For a 17th consecutive year, men gather to reenact the career-ending injury of NFL Quarterback, Joe Theismann.
For the 17th consecutive year, 22 men convene for a weekend at an Interstate Highway hotel. The reason for their gathering? To assume the identities of and reenact a competition between the Washington Redskins and New York Giants of the National Football League. More precisely, they intend to mimic a singular and most unusual play as had occurred during an actual game that Washington hosted on November 18, 1985. That contest, and this solitary play, henceforth known publicly as “The Throwback Special”, were immediately immortalized by reason of the resultant macabre: a Monday Night Football audience was violently confronted with the catastrophic, career-ending injury sustained by Redskins Quarterback, Joe Theismann, at the hands of the eminently feared, universally esteemed Giants Linebacker, Lawrence Taylor.
When I say that the men in the novel are assembling so that they may assume the identities of the athletes who were on the field of play at the time of The Throwback Special, this is no exaggeration. The first official business of the yearly enclave is the Draft, during which, and by following strict, interdependent rules of order, the men select, or, when circumstances dictate, are assigned the individual they will portray in that years mounting of “the play”. To this end, the men arrive at the hotel not with attaches or rolling business cases, but with duffel bags filled with the equipment and uniform (down to the team insignia and playing numbers) of their historic counterparts.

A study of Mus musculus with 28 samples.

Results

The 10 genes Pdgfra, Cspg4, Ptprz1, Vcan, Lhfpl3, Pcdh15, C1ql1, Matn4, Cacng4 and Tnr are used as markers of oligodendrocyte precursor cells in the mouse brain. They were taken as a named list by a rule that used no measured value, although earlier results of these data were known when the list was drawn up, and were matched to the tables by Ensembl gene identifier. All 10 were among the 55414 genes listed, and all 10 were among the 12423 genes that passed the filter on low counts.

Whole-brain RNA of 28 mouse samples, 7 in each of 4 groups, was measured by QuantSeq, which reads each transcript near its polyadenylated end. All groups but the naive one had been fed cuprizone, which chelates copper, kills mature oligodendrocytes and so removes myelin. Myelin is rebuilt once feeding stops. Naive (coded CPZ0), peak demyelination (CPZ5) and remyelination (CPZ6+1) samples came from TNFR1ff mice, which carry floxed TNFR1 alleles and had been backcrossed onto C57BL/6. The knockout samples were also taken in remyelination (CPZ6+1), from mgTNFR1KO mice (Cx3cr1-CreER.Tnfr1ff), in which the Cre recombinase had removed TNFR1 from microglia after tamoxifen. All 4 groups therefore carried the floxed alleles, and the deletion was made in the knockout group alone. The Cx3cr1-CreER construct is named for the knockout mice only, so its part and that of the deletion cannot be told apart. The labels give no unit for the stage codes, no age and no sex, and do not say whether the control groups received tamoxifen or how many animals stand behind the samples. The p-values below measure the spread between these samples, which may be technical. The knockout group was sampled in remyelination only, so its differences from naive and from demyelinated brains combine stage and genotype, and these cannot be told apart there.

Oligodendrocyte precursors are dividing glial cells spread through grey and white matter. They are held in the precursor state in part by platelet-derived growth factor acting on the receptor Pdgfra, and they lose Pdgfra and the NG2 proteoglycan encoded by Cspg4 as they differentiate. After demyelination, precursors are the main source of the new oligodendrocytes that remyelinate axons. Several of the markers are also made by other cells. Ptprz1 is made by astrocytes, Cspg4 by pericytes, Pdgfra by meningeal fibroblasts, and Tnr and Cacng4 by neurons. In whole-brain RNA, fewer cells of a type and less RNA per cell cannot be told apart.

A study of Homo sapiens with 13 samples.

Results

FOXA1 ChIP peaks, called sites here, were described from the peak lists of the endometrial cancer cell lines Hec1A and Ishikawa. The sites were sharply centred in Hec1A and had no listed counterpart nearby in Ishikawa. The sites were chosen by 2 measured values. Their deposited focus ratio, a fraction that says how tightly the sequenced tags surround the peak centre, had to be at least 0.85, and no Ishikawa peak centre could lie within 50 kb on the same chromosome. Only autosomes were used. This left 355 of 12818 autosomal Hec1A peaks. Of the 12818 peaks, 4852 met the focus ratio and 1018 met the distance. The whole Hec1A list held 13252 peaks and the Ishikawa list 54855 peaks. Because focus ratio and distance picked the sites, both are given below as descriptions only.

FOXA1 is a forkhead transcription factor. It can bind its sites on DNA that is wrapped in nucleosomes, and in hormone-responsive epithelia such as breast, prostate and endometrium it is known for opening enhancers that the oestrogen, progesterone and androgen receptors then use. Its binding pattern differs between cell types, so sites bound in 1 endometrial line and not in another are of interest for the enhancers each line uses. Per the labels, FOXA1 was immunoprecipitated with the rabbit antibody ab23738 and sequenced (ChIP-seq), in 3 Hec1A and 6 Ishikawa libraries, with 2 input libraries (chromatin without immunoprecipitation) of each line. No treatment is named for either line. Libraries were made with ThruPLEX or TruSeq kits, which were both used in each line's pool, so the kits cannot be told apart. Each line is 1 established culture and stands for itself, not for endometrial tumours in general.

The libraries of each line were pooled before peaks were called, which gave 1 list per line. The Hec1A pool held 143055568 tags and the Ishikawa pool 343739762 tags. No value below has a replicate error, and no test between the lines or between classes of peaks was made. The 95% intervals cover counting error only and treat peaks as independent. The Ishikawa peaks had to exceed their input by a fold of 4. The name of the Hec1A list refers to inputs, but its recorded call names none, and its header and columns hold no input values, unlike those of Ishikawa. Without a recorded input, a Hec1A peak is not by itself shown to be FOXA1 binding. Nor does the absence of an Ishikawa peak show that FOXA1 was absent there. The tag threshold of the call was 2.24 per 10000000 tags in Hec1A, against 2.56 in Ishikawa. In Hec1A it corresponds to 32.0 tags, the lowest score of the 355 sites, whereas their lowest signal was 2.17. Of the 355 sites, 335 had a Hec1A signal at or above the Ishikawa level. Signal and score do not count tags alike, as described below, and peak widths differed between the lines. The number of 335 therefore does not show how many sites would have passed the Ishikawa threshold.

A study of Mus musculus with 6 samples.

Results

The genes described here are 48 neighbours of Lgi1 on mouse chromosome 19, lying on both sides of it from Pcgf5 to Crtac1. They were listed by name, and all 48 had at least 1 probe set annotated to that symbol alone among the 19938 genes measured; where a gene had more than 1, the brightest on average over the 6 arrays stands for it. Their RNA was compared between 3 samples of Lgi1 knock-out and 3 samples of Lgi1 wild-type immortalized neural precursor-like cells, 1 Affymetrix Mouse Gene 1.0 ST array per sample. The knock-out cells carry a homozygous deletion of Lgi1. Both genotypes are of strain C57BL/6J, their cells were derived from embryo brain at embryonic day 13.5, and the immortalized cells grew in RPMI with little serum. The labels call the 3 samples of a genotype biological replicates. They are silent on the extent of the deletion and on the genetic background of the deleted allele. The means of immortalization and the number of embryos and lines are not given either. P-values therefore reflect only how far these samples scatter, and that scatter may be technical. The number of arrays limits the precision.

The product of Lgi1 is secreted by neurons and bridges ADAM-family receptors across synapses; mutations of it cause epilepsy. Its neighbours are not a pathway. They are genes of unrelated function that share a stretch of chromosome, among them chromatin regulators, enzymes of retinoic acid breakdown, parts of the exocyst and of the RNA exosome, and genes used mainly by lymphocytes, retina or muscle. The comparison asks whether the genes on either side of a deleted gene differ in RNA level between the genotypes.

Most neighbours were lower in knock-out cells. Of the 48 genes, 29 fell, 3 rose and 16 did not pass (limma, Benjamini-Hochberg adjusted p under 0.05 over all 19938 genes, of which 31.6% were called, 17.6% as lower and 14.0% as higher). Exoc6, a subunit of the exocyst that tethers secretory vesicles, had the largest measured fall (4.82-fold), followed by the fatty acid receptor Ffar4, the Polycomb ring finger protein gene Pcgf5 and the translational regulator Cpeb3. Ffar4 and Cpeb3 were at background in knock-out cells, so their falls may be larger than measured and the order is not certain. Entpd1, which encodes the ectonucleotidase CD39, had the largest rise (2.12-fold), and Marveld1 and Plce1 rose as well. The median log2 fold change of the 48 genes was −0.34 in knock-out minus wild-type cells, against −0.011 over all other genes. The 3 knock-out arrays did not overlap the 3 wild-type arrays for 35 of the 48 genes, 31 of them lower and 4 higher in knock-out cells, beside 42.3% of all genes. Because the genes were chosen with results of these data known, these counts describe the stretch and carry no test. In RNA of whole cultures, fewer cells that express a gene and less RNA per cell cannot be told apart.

This annual pilgrimage of (now) middle aged men intent on acting out the moments leading up to and including Theismann’s most ghastly suffering is, to be sure, an odd premise at least. Given however that our privilege of witness occurs for the 17th such iteration, it is an instantaneous and sympathetic estrangement I believe you will feel for and with the “specialists”. As one character, Robert, muses when another curious hotel guest inquires after his participation:
“There was not a good way to talk about what he was doing here.”
The exact opposite is true of Chris Bachelder who doesn’t do a good job, but a great job in illuminating the certain insecurities that plague the 22 men of The Throwback Special; a group composed of individuals who are adept at finding paradoxical exultations and degradations in every tradition. What they say to each other, keep to themselves or write on restroom stall partitions is breathtaking, heartbreaking and hilarious, all the more so when superimposed by generous offerings of 3rd person omniscient narration.
The original Throwback Special was a trick play designed to subvert expectations. Bachelder has succeeded where his book’s namesake failed by composing a highly literary examination of the mundanity that pervades even the most extravagant rituals and housing it within the conceit of this very funny novel that lets on to knowing a little bit about a lot of things in the games of life and football.